Beyond survival: Life after being raped
JAZELLE HUNT | 3/9/2015, 8:30 a.m.
The article, Rape of a Spelman Coed was published in Emerge magazine almost exactly two years after Robinson’s assault. It became an award-winning story, and the springboard for I Will Survive.
“After that article, [the magazine] got a really powerful response,” she recalled. “So the idea [for the book] came from having written an article about sexual assault; realizing that this was a huge problem in the African American community; that we didn’t have culturally specific resources available to us; and that we just didn’t know how to deal with sexual assault.”
From surviving to thriving
To her knowledge, Robinson’s assailants were never caught and are thought to be responsible for at least three other rapes. Still, in 1996 she marked the one-year anniversary of her survival with a celebration.
“I’d experienced the most horrific thing I could possibly imagine, and I am still standing. I am still going to work; I still have my right mind, for the most part. It absolutely was a celebration of my survival,” she remembered.
Today, she has become a noted activist and speaker on the issue of sexual assault, speaking at more than 100 events in more than 20 states and in three countries. She has lived and taught in Ecuador, Brazil and other parts of Latin America, and is still enjoying a career as an award-winning bilingual journalist and educator.
She also married Ollie Johnson, the boyfriend who had been there with her through it all.
“We weren’t married then, but I definitely thought of us as a couple. You come together, you support, you love, you struggle, you handle it, you get through it. That was my mental-emotional framework,” he said.
“I’ve had various crises and challenges with my own family, but nothing like what happened to Lori. So I didn’t have any direct experience with supporting or helping or loving survivors. But I just kind of knew that was the right thing to do.”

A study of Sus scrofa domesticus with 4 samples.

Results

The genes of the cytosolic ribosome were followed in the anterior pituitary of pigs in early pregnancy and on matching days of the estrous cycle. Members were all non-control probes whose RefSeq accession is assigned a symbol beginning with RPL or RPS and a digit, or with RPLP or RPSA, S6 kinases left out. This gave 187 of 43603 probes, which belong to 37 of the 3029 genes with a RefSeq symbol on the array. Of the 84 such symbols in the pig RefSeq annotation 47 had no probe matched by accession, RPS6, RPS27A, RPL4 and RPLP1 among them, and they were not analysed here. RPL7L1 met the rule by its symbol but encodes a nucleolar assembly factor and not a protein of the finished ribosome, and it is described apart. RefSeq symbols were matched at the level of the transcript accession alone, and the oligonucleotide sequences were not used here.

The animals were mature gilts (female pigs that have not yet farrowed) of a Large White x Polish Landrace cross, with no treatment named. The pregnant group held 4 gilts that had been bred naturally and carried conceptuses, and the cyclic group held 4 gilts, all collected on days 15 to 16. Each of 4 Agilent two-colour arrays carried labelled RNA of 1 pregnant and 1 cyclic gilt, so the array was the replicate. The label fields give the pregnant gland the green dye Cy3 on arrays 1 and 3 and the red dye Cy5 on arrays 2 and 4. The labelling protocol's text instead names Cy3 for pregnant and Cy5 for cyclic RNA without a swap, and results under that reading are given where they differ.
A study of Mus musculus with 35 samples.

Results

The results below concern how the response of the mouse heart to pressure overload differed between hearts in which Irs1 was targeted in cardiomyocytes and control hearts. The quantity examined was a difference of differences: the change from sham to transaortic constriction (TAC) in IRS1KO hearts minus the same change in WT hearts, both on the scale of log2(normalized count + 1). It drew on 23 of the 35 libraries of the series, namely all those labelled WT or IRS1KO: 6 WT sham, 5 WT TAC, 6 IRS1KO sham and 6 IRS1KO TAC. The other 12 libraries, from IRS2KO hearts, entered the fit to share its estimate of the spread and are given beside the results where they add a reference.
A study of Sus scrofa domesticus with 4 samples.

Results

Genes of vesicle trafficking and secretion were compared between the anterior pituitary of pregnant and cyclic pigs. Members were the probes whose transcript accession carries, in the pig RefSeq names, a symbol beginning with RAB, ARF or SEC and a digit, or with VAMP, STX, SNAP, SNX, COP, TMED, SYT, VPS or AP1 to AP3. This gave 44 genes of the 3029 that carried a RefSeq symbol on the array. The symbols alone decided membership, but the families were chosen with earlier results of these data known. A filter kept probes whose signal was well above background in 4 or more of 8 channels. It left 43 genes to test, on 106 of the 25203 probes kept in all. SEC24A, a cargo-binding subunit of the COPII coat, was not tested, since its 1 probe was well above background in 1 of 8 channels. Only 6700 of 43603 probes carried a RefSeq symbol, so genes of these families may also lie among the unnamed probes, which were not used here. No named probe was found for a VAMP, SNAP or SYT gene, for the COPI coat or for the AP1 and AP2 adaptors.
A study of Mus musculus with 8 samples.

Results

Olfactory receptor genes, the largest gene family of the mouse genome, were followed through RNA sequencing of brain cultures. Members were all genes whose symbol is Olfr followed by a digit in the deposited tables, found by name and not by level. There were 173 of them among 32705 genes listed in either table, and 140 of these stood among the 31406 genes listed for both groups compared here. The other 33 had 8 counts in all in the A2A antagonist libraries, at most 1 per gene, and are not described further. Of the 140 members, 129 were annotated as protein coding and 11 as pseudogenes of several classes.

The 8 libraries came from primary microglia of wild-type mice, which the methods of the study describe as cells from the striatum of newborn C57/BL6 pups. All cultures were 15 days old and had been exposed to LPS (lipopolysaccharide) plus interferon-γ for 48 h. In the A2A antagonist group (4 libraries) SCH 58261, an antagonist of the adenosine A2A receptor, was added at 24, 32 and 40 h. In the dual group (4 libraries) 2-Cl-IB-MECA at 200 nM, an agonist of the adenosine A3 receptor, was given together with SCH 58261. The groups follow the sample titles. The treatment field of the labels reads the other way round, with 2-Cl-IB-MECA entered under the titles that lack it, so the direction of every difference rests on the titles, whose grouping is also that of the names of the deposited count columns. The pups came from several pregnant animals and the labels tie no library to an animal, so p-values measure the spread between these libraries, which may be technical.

When Robinson first began writing I Will Survive, Johnson thought it was a great idea and logical next step from the Emerge article – until it became clear that the research, interviewing and writing caused Robinson to relive her trauma.
“I recommended that she consider dropping it or suspending it on several occasions, because it was so painful … She would always say that she had to do it. And she worked through it,” he said. “I was very impressed with her strength and resilience through the whole process and still am just amazed that she could handle everything the way she’s handled it.”
Robinson encourages survivors to seek healing, whatever that may mean for them.
“Not every survivor necessarily needs therapy, but based on my personal experience, I highly recommend that survivors reach out to someone. It’s so important to be able to tell your story, let it out, [to] be able to talk to someone who can empathize with you, support you, and encourage you,” she said.
“Take care of yourself. Think of mental, physical, emotional and spiritual self-care. What feels nourishing to you? What feels safe to you? What makes your body feel good? Do that.”
Every survivor’s experience is profoundly personal. At the same time, millions of survivors are all fighting through the same devastation of this rampant trauma, often in shame and silence.
Robinson wants them all to remember one thing: “What happened to you is not your fault. No matter what the circumstances were – no matter what you wore, or what you drank, or what time it was, or where you were – the only person who was responsible, the person who deserves all of the blame, is the person who forced unwanted sexual activity on you,” she said. “You are no less perfect, or sacred, or beautiful because of what happened to you.”
This is the last of a series of five articles. The project was made possible by a grant from the National Health Journalism Fellowship, a program of the University of Southern California Annenberg School for Communication and Journalism.